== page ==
Wondering what to expect when you add a third cat to your household?
It’s a big decision to add to your family, even if that addition is a fur baby instead of a human one.
But should you be worried about differences you’d see in your relationship with other cats?
TIPS FOR INTRODUCING A THIRD CAT TO THE MIX
First, you need to consider your current cats’ temperament. Are they relatively easy-going? If so, adding a third cat may work well.
In fact, there may even be benefits of getting a third cat.
For example, adding a kitten can help rejuvenate your older cats’ energy and desire to play.
Also, consider how your current cats got to know each other.
Did you have one and introduced the other, or did you get them at the same time?
If your two cats have only ever known life as a pair, introducing a third could be a bit trickier, but it’s still doable.
1. Introduce a kitten
When you’re choosing a third cat, try to go with a kitten. Most cats will respond more favorably to a kitten than they will a grown cat.
If you have your heart set on three cats, look to adopt a kitten that your adult cats can “take under their wing.”
Pay attention to the kitten’s personality, too. If you can see that the kitten is feisty, easily startled, or hisses frequently, move on.
The more laid-back your new cat is, the more your current cats will accept him.
As far as 3rd cat gender goes, it really depends on whether your cats are fixed or intact.
For example, if you’re unable to spay your female cat for some reason, you don’t want to add an intact male cat to the mix!
If all of the cats are fixed, you shouldn’t notice any issues with bringing a male “girl territory” or vice-versa.
2. Start slow
Many cats don’t deal too well with change.
They like familiarity in their surroundings, and even the slightest upset can cause an otherwise well-behaved cat to adopt naughty behaviors like marking. Keep the new cat separated from your other cats at first.
He should have his own litter, food, and bed in a room full segregated from the others. They’ll know he’s there, and they can start getting used to the idea of another cat in their midst.
Keep the cats apart for at least a few days, if not a week.
3. Food unites
Start introducing the cats during mealtime.
- Put the new cat’s food dish near the doorway of his enclosed room, and the other cat’s dishes on the other side of the door (with the door closed).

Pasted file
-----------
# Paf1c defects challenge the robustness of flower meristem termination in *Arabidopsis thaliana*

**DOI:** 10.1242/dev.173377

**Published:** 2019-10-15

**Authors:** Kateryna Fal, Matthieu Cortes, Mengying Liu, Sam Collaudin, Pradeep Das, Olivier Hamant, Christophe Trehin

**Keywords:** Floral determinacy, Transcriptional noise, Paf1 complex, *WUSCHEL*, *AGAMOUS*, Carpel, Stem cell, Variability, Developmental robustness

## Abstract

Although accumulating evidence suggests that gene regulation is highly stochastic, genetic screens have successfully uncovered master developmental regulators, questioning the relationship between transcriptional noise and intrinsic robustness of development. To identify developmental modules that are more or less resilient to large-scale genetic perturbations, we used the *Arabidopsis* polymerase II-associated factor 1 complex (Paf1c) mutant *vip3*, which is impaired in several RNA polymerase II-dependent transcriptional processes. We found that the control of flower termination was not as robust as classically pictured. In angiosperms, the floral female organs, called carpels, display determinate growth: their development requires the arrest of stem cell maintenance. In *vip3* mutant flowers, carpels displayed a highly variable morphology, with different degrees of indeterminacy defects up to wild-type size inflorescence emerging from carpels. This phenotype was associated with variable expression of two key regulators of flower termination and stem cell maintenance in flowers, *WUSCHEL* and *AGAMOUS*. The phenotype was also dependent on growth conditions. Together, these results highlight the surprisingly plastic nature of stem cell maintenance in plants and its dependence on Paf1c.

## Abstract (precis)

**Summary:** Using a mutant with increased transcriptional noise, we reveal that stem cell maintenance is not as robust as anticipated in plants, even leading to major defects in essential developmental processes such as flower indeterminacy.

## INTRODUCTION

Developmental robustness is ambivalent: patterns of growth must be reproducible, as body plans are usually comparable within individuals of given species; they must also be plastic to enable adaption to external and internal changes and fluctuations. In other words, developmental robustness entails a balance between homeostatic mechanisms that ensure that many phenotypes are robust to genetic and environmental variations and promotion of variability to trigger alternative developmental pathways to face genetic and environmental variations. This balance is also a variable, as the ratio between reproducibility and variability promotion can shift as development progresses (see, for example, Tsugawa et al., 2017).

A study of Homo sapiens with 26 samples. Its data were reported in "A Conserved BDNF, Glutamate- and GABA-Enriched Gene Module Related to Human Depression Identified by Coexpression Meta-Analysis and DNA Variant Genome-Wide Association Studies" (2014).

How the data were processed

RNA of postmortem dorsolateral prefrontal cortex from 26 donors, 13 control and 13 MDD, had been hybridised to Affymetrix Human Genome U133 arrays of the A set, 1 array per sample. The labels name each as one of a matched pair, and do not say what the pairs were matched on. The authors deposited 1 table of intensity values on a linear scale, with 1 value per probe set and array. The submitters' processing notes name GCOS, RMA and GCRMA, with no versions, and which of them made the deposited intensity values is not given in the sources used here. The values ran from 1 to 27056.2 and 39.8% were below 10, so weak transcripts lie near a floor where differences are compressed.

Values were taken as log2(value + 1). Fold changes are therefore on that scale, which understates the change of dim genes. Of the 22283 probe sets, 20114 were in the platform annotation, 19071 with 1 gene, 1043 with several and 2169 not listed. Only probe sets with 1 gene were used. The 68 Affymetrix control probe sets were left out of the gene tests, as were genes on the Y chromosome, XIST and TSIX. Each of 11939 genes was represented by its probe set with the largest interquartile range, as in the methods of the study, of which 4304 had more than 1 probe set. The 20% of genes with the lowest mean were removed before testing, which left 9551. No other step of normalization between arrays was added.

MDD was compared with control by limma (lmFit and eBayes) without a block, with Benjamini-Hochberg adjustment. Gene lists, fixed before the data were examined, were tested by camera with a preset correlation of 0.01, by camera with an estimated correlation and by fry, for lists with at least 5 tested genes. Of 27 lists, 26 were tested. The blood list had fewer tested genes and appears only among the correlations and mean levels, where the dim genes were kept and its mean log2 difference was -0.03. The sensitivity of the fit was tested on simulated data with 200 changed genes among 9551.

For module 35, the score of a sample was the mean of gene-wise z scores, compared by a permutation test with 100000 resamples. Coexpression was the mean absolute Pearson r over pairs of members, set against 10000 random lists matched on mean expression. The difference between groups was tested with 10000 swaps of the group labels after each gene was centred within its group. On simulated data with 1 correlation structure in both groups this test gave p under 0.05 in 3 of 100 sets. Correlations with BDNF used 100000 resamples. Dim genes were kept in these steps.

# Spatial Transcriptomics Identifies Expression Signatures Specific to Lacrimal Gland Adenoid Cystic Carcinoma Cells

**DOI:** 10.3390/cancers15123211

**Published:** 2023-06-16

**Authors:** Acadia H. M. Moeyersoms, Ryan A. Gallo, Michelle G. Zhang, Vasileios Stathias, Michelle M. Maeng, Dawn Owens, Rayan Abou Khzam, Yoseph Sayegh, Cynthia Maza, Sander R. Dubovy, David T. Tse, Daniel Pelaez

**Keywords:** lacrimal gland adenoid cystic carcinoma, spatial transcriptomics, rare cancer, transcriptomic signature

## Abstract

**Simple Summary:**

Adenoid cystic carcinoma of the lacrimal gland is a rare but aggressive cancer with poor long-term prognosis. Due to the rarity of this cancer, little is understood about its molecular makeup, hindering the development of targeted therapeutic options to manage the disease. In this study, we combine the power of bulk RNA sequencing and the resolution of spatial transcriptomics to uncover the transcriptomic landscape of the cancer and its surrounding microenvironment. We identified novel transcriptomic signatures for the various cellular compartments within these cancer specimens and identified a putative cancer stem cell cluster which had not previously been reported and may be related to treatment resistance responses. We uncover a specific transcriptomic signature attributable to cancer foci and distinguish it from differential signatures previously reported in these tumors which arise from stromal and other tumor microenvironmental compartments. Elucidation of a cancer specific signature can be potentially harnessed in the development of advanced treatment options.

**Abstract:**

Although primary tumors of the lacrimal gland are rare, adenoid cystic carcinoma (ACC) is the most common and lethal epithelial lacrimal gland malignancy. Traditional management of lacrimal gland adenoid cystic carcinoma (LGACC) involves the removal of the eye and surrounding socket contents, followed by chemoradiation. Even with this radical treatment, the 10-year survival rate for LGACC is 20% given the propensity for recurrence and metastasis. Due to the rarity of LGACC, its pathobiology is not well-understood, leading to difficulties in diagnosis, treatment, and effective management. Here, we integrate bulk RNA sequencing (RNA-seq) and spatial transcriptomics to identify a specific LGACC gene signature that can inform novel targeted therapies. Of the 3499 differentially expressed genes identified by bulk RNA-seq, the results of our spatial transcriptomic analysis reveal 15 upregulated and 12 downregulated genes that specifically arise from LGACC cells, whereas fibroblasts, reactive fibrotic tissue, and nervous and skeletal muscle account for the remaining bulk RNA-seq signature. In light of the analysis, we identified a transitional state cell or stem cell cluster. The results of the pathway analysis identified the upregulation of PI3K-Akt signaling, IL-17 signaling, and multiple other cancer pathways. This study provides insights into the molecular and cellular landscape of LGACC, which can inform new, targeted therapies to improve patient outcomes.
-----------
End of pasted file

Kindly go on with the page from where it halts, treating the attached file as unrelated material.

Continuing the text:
- The next day, open the door and see how it goes.
- If either cat tries to eat food other than his own, close the door again.
- Keep trying with mealtime until the cats respond well.
4. Exchange rooms or bedding
Now that your current cats have become familiar with another cat in the house, it’s time to help the new cat get used to the idea of other cats.
Exchange their bedding for a night or swap rooms – let your new cat wander the house and soak in the other cats’ smells while your current cats are stowed away elsewhere.
5. Provide small sessions of supervised visitation
Provide toys in one room and allow the cats to spend 15-20 minutes together in the same room with you present.
Praise the cats both verbally and with petting when they behave favorably toward others.
If any of the cats begin growling or show signs of aggression, end playtime and separate the cats again. Try again tomorrow.
6. Increase their time together
As the cats tolerate time together, slowly increase the amount of time and decrease your supervision.
Immediately separate them if necessary. Over time, the cats will likely learn to co-exist, even if they don’t end up becoming friends.
7. Make sure they get along before leaving them alone
Be sure your cats are capable of co-existing peacefully before leaving them alone together.
Do not leave the house without separating the cats until you are absolutely sure that they can co-exist peacefully.
It’s better to be safe than sorry!
8. Respect each cat’s desire for time with you
Make sure you spend time separately with each cat to minimize their negative feelings about their new situation.
Although some people may say cats don’t have an affinity toward their humans, most cat owners would disagree! Continue to show each cat that he or she is special to you in his or her own way.
9. Know when to call it quits
If after a month or so, you still see the cats acting aggressively toward each other, it’s unlikely that they will learn how to live in the same house.
Unfortunately, it may be time to start looking for a new home for the new cat.
In most cases, cats can be taught how to live nicely together.
It is important that you have the time to put into properly introducing them and ensuring that they get along before leaving them to fend for themselves.
If you’re not sure this is realistic for you, it may be best to leave your family as it is and consider adding a third cat later on.
Is two or three cats better? Only you can decide that! If you do opt for kitty #3, just follow our tips for introducing everyone and it should be just fine!
Dr. Linda Simon MVB MRCVS is a locum veterinary surgeon who has worked in London for the past 8 years. She graduated top of her class in small animal medicine from UCD, Dublin. She is currently a member of the Royal College of Veterinary Surgeons. Linda is the resident vet for Woman magazine and a frequent contributor to People’s Friend Magazine, the Dogzone website, Vet Help Direct and Wag! Linda also writes content for the CVS veterinary group, Vetwriter and a number of other establishments.